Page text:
Solutions proposed to tackle growing challenge of electronic waste

Vietnam faces a growing problem with electronic waste (e-waste), according to a study by the Hanoi University of Science and Technology's Centre of Science-Technology and Environment.
Solutions proposed to tackle growing challenge of electronic waste
Solutions proposed to tackle growing challenge of electronic waste. (Nguồn:

The study revealed that the country generates roughly 100,000 tonnes of e-waste annually, primarily consisting of discarded household appliances and office equipment. This figure is projected to rise significantly, with television waste alone estimated to reach 250,000 tonnes by 2025.

Despite the rising volume of e-waste, Vietnam's recycling and processing capabilities remain inadequate. The national recycling rate sits below 10%, with nearly 70 small-scale licensed processing enterprises, each typically equipped with a daily capacity of 0.25-30 tonnes.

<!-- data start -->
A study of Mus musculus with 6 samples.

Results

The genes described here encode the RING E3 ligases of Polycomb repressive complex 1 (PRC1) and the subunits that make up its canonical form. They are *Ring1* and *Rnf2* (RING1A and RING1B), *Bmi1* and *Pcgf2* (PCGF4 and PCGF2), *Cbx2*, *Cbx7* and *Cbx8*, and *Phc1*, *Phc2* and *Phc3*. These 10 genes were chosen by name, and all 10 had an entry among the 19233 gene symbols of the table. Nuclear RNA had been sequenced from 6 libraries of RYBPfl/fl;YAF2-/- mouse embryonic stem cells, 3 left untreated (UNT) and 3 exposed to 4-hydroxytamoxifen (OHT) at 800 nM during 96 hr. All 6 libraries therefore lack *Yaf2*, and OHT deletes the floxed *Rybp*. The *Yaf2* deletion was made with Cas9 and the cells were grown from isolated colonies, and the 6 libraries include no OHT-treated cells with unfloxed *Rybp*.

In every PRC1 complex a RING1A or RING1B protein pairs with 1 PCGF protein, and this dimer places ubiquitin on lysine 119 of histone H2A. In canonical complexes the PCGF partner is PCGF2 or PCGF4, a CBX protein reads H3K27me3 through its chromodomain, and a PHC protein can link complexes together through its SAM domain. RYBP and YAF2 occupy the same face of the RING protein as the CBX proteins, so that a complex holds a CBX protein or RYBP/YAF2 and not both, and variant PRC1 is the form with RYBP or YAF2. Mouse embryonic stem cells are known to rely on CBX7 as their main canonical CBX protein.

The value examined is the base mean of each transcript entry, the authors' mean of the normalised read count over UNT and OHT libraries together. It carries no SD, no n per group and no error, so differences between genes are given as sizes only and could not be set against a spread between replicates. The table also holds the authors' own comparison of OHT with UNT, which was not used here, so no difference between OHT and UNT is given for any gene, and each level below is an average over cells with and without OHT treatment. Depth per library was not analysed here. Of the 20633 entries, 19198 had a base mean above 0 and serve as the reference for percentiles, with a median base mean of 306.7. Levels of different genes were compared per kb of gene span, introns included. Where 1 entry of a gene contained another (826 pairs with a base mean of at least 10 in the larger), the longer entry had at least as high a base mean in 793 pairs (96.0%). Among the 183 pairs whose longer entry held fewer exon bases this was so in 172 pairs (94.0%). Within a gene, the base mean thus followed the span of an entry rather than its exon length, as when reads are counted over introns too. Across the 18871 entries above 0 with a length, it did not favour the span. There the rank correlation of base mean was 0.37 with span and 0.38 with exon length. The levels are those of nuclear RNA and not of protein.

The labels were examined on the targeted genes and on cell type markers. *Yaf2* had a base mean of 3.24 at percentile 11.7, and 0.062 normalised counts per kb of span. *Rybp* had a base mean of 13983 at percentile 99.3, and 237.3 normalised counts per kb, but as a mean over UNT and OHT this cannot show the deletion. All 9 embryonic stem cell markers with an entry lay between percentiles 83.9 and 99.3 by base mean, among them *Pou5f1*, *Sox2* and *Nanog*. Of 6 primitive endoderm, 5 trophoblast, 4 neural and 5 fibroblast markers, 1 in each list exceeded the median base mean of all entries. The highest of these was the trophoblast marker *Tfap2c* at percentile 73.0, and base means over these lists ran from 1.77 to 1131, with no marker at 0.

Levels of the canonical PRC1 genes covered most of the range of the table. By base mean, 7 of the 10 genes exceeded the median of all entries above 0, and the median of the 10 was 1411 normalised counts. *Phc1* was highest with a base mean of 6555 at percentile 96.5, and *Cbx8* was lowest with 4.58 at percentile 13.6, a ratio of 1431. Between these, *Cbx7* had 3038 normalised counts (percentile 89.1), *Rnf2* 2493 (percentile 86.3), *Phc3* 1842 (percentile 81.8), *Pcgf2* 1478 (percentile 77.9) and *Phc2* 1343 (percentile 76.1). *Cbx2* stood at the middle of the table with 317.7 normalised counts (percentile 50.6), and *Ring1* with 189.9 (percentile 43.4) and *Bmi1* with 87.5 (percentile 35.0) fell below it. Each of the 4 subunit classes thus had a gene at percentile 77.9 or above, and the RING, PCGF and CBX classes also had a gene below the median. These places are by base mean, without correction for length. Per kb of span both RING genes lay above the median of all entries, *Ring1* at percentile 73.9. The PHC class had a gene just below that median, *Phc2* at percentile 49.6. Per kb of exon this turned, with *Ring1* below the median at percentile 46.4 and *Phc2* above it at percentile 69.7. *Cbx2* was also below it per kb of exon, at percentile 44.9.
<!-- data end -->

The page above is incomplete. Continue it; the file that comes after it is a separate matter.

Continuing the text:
Current efforts primarily focus on recycling common materials like iron, copper, lead, tin and plastic, without capacity for extracting valuable precious metals often concentrated in e-waste components.

Under the Environmental Protection Law 2020, e-waste categories, including tablets, laptops, desktop computers, mobile phones must be recycled by manufacturers and importers according to mandatory proportions and specifications from February 1, 2025.

To effectively do this, Deputy Director of the Centre of Science-Technology and Environment Nguyen Duc Quang suggested encouraging the establishment of private collection systems and developing standardised dismantling and sorting facilities for e-waste.

Le Thi Ngoc Dung, from the Vietnam Waste Recycling Association, said Vietnam needs to establish modern, large-scale e-waste recycling plants capable of recovering precious metals. Additionally, upgrading informal recycling to controlled collection and sorting is essential.

Launched in 2015, the Vietnam Recycles programme is the first free e-waste collection initiative in Vietnam, with 10 collection points in Hanoi and Ho Chi Minh City.

When bringing e-waste to the collection points, citizens can use their smartphones to scan the QR code printed on the container and fill out the registration form as instructed to earn points. Once enough points are accumulated, they can exchange them for green rewards.